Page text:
Woody Allen Bubble CarEnlarge Photo
For decades, the image shown above has resurfaced whenever I think about cars of the future. But could we be seeing bubble cars on the road in the not-too-distant future? For the answer, I visited Pat Schiavone, one of the top designers at Ford Motor Co.
His primary job is running the automaker's truck and crossover styling studios. And even there, Schiavone explained during a recent visit, aerodynamics are having a major impact. Consider that big brute of a work truck, the F-250. Check out the upcoming '09 model and you'll find a new wind dam under the front bumper. It's not much in terms of the overall design, but considering the fuel the big pickup can guzzle, that minor change has an outsized impact, boosting mileage by about 1 mpg, or nearly 8 percent.
The fact that Ford is putting so much emphasis on aerodynamics isn't surprising. Like all automakers, it's under immense pressure to boost fuel economy. Federal mileage standards are about to take a big jump, and getting there is expected to cost Detroit's Big Three tens of billions of dollars by the middle of the next decade. Much of that will go for the development of hybrid and other advanced powertrains. Yet, aerodynamic design can yield as much as 3 to 4 mpg at virtually no cost at all, declares Schiavone, other than for time spent in the wind tunnel.
"It's the low-hanging fruit," of which there's not much left, says Schiavone during a recent interview at Ford's Product Development Center in Dearborn, Michigan. "So you go after it."
During the days following the last big energy shock, Ford developed a reputation as an industry leader with the so-called aero-look. Derisively dubbed "jellybean styling," by its competitors, Ford put it to good work with products like the 1982 Thunderbird and, in particular, with the original, 1986 Taurus sedan, which quickly became the best-selling passenger car in the U.S. They might not have liked the look, but by decade's end, almost everyone was copying it.
Then came the light truck boom, and soft, aero silhouettes gave way to the sharp angles and blunt shapes of the pickup and SUV.
But with the truck quickly fading out as the American trendsetter, passenger cars and crossovers are quickly gaining ground. And the newest shapes are becoming softer, sleeker, and slippery.
Aerodynamics play an especially important role in highway driving, where most of the energy a car produces is used to push air out of its way. Yet, even for around-town driving, aerodynamics can have a sizable impact, as General Motors has discovered during the ongoing development of its plug-in hybrid (GM prefers the term "extended-range EV"), the Chevrolet Volt.
The original prototype, first unveiled at the January 2007 Detroit Auto Show, featured sharp front fender creases and a softly rounded rear. "It did better in the wind tunnel," noted the automaker's product czar, Bob Lutz. So designers rounded the front, to keep air attached to the body, then put the creases in the rear, where the airflow, in fact, needed to quickly detach. The effect was dramatic, boosting battery-only range from around mid-to-high 30 miles to nearly 45 miles. That, the automaker believes, will be enough to make it work on battery power alone for typical U.S. commutes.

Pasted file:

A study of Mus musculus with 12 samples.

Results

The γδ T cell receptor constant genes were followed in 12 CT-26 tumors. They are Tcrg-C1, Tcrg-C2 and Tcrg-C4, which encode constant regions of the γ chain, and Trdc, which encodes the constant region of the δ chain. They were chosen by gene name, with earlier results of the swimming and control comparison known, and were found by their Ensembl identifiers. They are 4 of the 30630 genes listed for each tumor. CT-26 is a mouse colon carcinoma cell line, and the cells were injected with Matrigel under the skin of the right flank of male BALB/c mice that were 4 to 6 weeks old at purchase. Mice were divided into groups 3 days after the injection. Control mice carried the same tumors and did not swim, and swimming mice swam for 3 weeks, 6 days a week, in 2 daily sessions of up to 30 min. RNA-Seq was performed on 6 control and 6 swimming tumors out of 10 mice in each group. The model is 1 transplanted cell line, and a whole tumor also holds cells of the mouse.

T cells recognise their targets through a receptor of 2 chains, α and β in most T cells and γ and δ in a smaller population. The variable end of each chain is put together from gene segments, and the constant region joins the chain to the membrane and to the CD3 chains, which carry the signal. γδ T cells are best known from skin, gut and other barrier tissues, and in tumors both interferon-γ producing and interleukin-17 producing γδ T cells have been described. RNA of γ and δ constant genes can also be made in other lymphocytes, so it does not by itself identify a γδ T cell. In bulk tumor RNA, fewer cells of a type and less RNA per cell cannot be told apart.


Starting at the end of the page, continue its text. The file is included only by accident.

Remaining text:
"Everything is going to be more aerodynamic than it is," forecasts Ford's Schiavone. "I've never spent so much time in the wind tunnel, because it's now a requirement with everything we do."
In many cases, as Ford found out with the F-250 and GM discovered with the Volt, it can take the most subtle tweaks to yield big savings. European makers, like BMW and Mercedes-Benz, put tremendous work into the styling of their sideview mirrors, for example. And the payoff is extensive - not just in terms of aero-derived fuel economy improvements, but also with sharp reductions in wind noise and improved performance.
There's also the issue of aesthetics - and the promise of gaining a competitive edge.
Ford's original Taurus was a breakthrough vehicle in a variety of ways. It leapfrogged the competition with improvements in quality, refinement, and features, but its ovoid shape made it instantly recognizable amid the then-standard crop of wedge- and box-shaped sedans.
Schiavone believes a truly stand-out aero design could yield a similar payoff today. A case in point is the Toyota Prius, the world's best-selling hybrid-electric vehicle. Industry analysts contend that this one-off model, with its egg-like styling, has surpassed all competitors, as much as anything, because it is identifiable at a glance.
Distinctive, yes, but not necessarily attractive. "The challenge from a design point of view is that I have to make it sexy," says Schiavone. "If the customer doesn't like it, it doesn't do any good," no matter how aerodynamic.
But what customers may be willing to see as sexy is changing, the Ford design executive contends. In fact, Schiavone adds, "I believe people are ready for a 21st-century look," which may have more in common with the automobiles found in science fiction than anything on the road today.
Does that mean he's working up just such a design at Ford. "You know I can't talk about future product," he protests, with a broad grin, "but where we are today, anything's possible."